Quick notes from an undisclosed location
Gregory Johnsen, a former Fulbright Fellow in Yemen, is currently a Ph.D. candidate in Near Eastern Studies at Princeton University. Johnsen has written for a variety of publications on Yemen including, among others, Foreign Policy, The American Interest, The Independent, The Boston Globe, and The National. He is the co-founder of Waq al-Waq: Islam and Insurgency in Yemen Blog. In 2009, he was a member of the USAID's conflict assessment team for Yemen.
Even though I'm technically on vacation and studiously avoiding anything that resembles work (I don't think Richard Yates counts), I couldn't resist a quick peak at the latest issue of Sada al-Malahim (issue 9), which was posted on Friday.
In addition to yet another instance of the hall of mirrors (although Munir comes off much worse than I do - seriously AQAP can't you settle on one transliteration of my name?) I was most taken with the small notice indicating that Said al-Shihri's wife and children had joined him in Yemen. This if far from insignificant, particularly when combined with the statement I received on Saturday purportedly put out by AQAP on al-'Awfi.
If the statement on al-'Awfi is legitimate (and I'm checking that or rather I will be checking it once I get back home) this would shed a lot of light on not only what happened with al-'Awfi but also some of the counter-terror measures the Saudis are engaged in.
Well, I've already spent more than my allotted time on Yemen issues today (and I haven't even touched on the latest violence in the south or Ali Nasir's denials of reported positions, so ....)
Giving our solar system a "slap in the face"
- A stream of galactic debris is hurtling at us, pulling dark matter along with it
- It's traveling so quickly it's been described as a hurricane of dark matter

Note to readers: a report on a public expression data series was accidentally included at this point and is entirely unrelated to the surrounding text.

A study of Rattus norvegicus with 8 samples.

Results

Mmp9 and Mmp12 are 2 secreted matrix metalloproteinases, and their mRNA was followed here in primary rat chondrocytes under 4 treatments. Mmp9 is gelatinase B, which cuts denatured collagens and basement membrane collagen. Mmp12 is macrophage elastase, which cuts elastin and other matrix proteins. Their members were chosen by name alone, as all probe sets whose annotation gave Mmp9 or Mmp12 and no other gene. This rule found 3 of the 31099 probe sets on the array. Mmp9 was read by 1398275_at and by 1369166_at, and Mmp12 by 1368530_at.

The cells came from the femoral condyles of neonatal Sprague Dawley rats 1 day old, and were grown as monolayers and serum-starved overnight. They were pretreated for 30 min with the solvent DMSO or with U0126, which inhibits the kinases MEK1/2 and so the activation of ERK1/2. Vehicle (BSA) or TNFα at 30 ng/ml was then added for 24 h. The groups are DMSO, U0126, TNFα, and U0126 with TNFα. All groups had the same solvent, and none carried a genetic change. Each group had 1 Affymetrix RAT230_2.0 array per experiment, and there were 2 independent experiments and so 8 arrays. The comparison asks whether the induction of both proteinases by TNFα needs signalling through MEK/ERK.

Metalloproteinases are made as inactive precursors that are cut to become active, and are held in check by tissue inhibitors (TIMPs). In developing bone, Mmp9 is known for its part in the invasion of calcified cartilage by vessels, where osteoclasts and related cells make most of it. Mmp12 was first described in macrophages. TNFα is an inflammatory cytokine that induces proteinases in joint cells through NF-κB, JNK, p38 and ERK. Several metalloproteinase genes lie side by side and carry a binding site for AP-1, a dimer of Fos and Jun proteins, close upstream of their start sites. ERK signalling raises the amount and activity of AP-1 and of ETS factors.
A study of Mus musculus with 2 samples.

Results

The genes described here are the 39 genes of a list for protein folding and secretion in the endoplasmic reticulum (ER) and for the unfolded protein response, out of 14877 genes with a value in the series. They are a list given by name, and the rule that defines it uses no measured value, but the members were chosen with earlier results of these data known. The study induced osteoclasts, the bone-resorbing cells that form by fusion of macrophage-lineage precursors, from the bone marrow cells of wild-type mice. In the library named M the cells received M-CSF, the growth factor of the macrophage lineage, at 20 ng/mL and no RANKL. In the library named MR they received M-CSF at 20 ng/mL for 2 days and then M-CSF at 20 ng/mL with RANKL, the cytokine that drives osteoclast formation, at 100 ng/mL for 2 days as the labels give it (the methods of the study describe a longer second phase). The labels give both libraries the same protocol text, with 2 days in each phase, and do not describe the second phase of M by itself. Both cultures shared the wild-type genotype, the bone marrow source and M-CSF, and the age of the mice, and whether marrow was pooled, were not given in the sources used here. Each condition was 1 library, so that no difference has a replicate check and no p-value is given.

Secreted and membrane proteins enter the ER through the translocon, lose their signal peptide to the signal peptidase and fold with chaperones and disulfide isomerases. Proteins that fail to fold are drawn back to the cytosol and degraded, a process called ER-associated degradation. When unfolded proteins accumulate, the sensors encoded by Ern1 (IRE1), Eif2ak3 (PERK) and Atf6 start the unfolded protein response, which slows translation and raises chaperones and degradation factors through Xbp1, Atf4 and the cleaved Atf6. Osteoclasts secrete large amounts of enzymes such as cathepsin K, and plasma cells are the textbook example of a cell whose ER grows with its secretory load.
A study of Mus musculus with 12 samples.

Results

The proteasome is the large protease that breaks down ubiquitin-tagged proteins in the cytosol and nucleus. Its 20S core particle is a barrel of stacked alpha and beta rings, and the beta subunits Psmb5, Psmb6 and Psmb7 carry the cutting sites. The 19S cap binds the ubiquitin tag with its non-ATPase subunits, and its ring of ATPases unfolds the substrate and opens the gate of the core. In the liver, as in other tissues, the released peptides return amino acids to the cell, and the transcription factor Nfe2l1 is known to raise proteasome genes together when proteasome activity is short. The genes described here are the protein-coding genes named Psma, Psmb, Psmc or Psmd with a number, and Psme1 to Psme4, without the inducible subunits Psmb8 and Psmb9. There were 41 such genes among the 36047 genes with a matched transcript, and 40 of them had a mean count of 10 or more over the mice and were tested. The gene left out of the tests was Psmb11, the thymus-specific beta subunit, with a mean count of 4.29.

- Scientists are excited to set their particle detectors at the onslffaught
Bernardo Kastrup proposes a new ontology he calls “idealism” built on panpsychism, the idea that everything in the universe contains consciousness. He solves problems with this philosophy by adding a new suggestion: The universal mind has dissociative identity disorder.
There’s a reason they call it the “hard problem.” Consciousness: Where is it? What is it? No one single perspective seems to be able to answer all the questions we have about consciousness. Now Bernardo Kastrup thinks he’s found one. He calls his ontology idealism, and according to idealism, all of us and all we perceive are manifestations of something very much like a cosmic-scale dissociative identity disorder (DID). He suggests there’s an all-encompassing universe-wide consciousness, it has multiple personalities, and we’re them.
Once again, our circadian rhythm points the way.
- Seven individuals were locked inside a windowless, internetless room for 37 days.
- While at rest, they burned 130 more calories at 5 p.m. than at 5 a.m.
- Morning time again shown not to be the best time to eat.